A tenant can be forced to vacate its premises following a default, provided that the terms of the lease are first observed. As noted above, most commercial leases provide that a default will not occur until after the tenant has received a written notice and an opportunity to cure its breach. For payment defaults, there may be no cure period, or perhaps merely a grace period of five to ten days (ie, no notice to the tenant is required). For non-payment defaults, a notice/cure period of 30 days is typical, although sometimes the lease will permit additional time to cure breaches that by their nature cannot be cured within 30 days. However, as noted above, most leases also describe some non-payment events that result in an “automatic” default, with no grace period and no opportunity to cure.
After the procedures in the lease are observed, if the proper notice(s) have been given and no cure has occurred (if applicable), the process for evicting a tenant is typically the pursuit of an action for unlawful detainer. The basic elements of this action are as follows:
- Delivery of a five-day “pay or quit” notice, as required by Va. Code § 55-225, or, if the default in question is non-monetary, a 30-day notice to quit letter under Va. Code § 55-225.43, both under the Landlord and Tenant Act. [As noted above, for non-residential leases the parties can theoretically waive or supersede these requirements by the terms of their lease.]
- If the tenant does not comply, the landlord may obtain a summons for unlawful detainer, and serve it on the tenant.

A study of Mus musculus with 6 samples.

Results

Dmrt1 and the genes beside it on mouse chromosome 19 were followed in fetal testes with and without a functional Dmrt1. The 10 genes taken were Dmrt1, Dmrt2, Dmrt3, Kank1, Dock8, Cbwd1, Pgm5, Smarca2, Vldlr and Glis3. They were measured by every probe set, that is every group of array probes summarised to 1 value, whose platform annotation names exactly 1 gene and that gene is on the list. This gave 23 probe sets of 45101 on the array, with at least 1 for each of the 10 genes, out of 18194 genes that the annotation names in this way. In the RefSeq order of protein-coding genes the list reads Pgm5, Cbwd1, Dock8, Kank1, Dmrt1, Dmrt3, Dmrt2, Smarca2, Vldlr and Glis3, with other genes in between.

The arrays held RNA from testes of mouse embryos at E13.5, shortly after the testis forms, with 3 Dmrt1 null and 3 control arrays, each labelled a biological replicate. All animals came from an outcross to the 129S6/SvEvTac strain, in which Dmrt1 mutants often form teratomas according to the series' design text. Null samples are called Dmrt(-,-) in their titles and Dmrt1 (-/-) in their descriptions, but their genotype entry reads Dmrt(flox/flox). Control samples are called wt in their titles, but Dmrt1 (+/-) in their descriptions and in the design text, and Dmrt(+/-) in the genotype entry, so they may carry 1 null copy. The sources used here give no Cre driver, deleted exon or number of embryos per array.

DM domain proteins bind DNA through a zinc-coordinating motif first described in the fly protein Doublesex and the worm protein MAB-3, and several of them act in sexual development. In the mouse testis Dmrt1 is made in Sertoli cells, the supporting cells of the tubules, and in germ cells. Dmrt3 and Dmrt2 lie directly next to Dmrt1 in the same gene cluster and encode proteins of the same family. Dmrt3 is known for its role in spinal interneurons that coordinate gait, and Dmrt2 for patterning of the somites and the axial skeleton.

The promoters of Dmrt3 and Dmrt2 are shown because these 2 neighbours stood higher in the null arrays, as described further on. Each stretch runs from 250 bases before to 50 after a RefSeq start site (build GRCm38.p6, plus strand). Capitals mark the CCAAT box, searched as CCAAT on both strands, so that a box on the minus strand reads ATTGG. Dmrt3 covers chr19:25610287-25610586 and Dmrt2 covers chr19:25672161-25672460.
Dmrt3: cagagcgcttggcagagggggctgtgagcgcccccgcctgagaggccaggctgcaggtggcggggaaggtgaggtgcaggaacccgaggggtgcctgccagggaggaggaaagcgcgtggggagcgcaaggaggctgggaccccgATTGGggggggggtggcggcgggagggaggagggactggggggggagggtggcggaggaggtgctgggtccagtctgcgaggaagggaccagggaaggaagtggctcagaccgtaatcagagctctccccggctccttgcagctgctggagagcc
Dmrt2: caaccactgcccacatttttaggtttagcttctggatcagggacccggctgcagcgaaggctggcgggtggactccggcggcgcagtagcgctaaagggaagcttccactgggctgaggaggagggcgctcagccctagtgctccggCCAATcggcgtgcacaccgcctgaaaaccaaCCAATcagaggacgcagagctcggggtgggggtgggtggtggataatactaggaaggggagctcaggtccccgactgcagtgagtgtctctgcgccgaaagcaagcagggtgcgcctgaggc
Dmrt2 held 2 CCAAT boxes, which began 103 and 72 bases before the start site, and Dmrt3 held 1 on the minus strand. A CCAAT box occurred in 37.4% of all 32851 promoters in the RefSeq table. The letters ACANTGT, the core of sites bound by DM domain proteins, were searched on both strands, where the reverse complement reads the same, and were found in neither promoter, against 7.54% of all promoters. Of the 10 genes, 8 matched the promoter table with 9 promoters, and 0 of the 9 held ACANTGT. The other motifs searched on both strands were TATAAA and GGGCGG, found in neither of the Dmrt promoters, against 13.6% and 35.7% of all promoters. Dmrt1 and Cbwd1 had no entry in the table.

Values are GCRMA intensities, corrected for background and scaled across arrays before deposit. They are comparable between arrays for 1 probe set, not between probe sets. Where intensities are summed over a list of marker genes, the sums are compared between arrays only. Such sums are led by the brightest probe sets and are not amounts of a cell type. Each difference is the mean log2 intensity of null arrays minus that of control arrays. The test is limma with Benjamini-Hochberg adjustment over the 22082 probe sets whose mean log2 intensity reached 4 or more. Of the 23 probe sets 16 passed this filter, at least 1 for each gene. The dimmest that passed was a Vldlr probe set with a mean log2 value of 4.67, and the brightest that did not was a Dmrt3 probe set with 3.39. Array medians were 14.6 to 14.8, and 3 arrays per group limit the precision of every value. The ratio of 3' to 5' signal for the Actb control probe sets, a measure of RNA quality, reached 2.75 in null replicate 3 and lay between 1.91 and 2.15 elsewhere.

- A return date will be set that requires the parties to appear before a judge – typically about 30 days from the filing of the action. If the tenant admits the default, the judge will enter a judgment in favor of the landlord. If the tenant disputes or assert a defense, the case will be set for trial, which may be another 30 days or more. During that period, pleadings may be required (eg, a bill of particulars, an answer, etc).
- Following judgment, the tenant has ten days to appeal. If it appeals, the case is litigated further.
- After the ten-day appeal period, if the tenant does not appear and does not voluntarily vacate the premises, the landlord may file a request for writ of possession. This takes one to two days and requires processing by the clerk’s office. The court sends the writ of possession to the sheriff’s office and the sheriff has 30 days to execute the document (ie, to contact the landlord and schedule a day/time for the eviction). The tenant is given 72 hours notice prior to the eviction.
- At the eviction, a landlord can do one of two things:
- place all the tenant’s belongings on the street and change the locks. It is the landlord’s burden to bring a locksmith and enough people to move the property in question; or
- within 24 hours of the scheduled eviction, the landlord may simply change the locks and give the tenant 24 hours to collect its property, failing which the landlord may take possession of the belongings and sell or destroy them.
For more information on the foregoing, see, inter alia, Va. Code § 8.01-174 et seq., Va. Code §§ 8.01-470 et seq., and Va. Code §55-237.1.